Branding has changed dramatically in the digital era

Branding has changed dramatically in the digital era – and forward thinking businesses need to take note.

When print was king, branding was much more restrictive. Companies would stick to a rigid set of guidelines on how their name and logo could be used. In the digital world, however, this way of thinking is prehistoric as it completely fails to take advantage of the capabilities of digital platforms.

Progressive companies are now using ‘dynamic branding’ – which is allowing trademarks and logos to morph, change and adapt. This dynamic approach keeps branding fresh and appealing and prevents imagery from becoming static and boring

The most simple and obvious example of this is the trademark on Google’s home page which changes regularly. This is usually to mark a significant date or event. Google memorably displayed a series of sports themed branding on its home page during the London Olympics.

Producing branding at this level everyday would of course be too much for most businesses. Dynamic branding is, however, being produced in many different ways which are achievable by most.

Here are five ways organisations have embraced dynamic branding in subtly different ways and to varying degrees:

1) National Music Centre

This Canadian organisation regularly changes its distinctive five lined branding to incorporate different colours and patterns. It is a style of dynamic branding that works best when the branding changes for a clear reason. For example, this could be to correspond with a forthcoming production.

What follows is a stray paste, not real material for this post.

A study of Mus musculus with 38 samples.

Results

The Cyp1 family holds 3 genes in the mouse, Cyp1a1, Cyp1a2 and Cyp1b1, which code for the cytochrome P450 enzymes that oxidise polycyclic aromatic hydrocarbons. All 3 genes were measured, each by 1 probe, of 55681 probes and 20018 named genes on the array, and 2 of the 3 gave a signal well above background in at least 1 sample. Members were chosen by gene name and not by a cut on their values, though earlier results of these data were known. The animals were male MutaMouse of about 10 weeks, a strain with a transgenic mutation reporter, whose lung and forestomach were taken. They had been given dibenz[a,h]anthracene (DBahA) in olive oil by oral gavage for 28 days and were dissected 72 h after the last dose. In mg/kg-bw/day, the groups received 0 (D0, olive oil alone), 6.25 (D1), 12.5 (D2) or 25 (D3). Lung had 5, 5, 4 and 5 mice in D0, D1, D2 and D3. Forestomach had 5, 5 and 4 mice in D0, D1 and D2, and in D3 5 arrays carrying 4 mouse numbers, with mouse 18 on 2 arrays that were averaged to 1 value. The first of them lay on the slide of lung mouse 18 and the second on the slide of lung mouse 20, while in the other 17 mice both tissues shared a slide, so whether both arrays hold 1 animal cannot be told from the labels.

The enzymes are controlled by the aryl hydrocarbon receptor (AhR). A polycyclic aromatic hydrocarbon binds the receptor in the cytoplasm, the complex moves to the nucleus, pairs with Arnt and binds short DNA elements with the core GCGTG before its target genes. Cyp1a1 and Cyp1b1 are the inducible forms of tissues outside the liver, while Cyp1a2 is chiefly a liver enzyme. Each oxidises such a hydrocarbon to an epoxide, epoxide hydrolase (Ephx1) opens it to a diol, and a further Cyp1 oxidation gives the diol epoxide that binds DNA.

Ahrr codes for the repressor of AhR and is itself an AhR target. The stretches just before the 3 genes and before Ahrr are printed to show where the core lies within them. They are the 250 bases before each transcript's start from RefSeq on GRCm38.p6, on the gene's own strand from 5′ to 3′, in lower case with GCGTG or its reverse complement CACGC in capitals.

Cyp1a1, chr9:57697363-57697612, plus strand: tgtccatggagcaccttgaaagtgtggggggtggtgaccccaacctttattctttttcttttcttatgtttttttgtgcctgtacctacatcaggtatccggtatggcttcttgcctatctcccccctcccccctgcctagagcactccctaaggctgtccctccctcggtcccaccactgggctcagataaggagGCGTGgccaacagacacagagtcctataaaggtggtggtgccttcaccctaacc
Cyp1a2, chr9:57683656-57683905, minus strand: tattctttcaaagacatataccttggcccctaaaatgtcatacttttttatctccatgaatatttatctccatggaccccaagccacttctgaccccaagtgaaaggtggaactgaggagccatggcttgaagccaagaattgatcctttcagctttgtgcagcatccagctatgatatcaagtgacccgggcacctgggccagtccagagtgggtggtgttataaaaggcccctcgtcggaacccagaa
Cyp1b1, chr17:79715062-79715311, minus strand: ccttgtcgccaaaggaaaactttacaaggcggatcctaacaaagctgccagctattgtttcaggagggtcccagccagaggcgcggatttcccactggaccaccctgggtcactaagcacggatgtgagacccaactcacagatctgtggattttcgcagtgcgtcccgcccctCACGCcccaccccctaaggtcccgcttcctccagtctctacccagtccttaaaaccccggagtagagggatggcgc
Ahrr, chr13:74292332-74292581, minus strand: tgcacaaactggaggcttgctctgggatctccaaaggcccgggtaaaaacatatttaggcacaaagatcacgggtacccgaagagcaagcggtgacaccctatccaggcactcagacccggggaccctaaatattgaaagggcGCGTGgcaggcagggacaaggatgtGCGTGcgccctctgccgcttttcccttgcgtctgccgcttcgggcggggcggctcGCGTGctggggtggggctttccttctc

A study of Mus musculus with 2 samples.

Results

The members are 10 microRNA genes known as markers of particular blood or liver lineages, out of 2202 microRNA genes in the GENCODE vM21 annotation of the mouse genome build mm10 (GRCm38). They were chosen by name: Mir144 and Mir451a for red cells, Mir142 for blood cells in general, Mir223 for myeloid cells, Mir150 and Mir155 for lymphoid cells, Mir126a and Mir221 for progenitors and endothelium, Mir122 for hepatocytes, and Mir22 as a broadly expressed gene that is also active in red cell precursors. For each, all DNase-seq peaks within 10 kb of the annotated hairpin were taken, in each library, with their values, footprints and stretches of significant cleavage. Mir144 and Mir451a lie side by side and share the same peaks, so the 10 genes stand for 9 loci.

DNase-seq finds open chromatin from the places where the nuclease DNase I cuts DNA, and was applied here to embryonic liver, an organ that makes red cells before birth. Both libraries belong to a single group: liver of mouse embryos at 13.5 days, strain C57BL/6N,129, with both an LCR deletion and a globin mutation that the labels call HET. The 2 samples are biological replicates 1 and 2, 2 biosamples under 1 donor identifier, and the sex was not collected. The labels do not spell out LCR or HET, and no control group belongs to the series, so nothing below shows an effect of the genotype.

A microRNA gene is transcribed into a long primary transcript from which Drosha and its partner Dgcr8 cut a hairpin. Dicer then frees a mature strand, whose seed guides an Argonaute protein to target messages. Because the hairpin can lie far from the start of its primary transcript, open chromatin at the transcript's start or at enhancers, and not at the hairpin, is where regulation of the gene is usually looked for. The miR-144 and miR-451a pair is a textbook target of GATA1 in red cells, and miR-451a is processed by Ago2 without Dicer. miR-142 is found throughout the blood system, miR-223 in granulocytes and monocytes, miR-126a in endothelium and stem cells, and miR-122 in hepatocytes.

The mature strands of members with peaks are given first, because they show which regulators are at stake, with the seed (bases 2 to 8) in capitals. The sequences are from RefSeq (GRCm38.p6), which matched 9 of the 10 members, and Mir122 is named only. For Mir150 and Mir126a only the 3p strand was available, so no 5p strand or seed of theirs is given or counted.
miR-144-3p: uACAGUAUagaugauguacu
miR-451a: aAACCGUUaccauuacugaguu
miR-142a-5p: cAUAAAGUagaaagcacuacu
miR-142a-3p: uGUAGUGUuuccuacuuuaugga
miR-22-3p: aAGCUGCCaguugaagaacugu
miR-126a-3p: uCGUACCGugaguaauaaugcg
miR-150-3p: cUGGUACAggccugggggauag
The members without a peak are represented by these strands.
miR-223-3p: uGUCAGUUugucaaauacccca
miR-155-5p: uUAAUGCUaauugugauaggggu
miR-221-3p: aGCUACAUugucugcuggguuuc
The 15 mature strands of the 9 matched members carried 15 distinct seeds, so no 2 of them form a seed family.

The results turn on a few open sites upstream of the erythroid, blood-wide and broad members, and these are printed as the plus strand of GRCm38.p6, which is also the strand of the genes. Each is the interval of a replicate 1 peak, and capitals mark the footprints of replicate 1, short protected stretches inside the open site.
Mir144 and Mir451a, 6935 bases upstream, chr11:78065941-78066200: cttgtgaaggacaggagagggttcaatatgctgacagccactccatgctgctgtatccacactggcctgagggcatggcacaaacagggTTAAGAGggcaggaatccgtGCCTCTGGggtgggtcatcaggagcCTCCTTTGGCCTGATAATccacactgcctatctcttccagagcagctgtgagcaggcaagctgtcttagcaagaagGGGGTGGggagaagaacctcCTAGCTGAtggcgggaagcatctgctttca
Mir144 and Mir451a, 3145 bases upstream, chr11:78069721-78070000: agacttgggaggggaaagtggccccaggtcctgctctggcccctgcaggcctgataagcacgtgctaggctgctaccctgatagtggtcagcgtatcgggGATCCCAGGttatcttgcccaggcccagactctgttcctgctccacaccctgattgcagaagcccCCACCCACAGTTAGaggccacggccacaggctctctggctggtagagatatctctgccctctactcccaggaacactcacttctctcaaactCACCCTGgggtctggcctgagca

2) The Natural History Museum

The museum regularly promotes it exhibitions by incorporating images within its N shaped logo. This is an extremely simple but effective way of using dynamic branding as it, not only prevents the brand image from becoming stale, it also conveys a marketing message.

3) City of Melbourne

The City of Melbourne’s M shaped logo is one of the original examples of dynamic branding. By leaving its logo open and adaptable, in the same way the Natural History Museum has, it has allowed local businesses to incorporate their own secondary branding within the shape. This has encouraged companies to embrace the city’s branding in their own marketing efforts.

4) Nordkyn

Rather than just change the colours or images around the logo, the Norwegian Meteorological Institute continuously changes the shape of its logo. It cleverly alters the logo’s appearance depending on the temperature and wind direction in Norway. The logo never changes so much that it is no longer recognisable however. Even when static each different image would be distinctively Nordkyn as all the shapes belong to the same style family.

5) Casa da Música

Casa da Música in Portugal also has a distinctive family of shapes for its logo which are based on different views of the building’s unique architecture. It combines this family with the techniques used by the Natural History Museum to incorporate imagery within the logos. The colours of the logo correspond with promotional posters of whatever show is currently playing at the venue.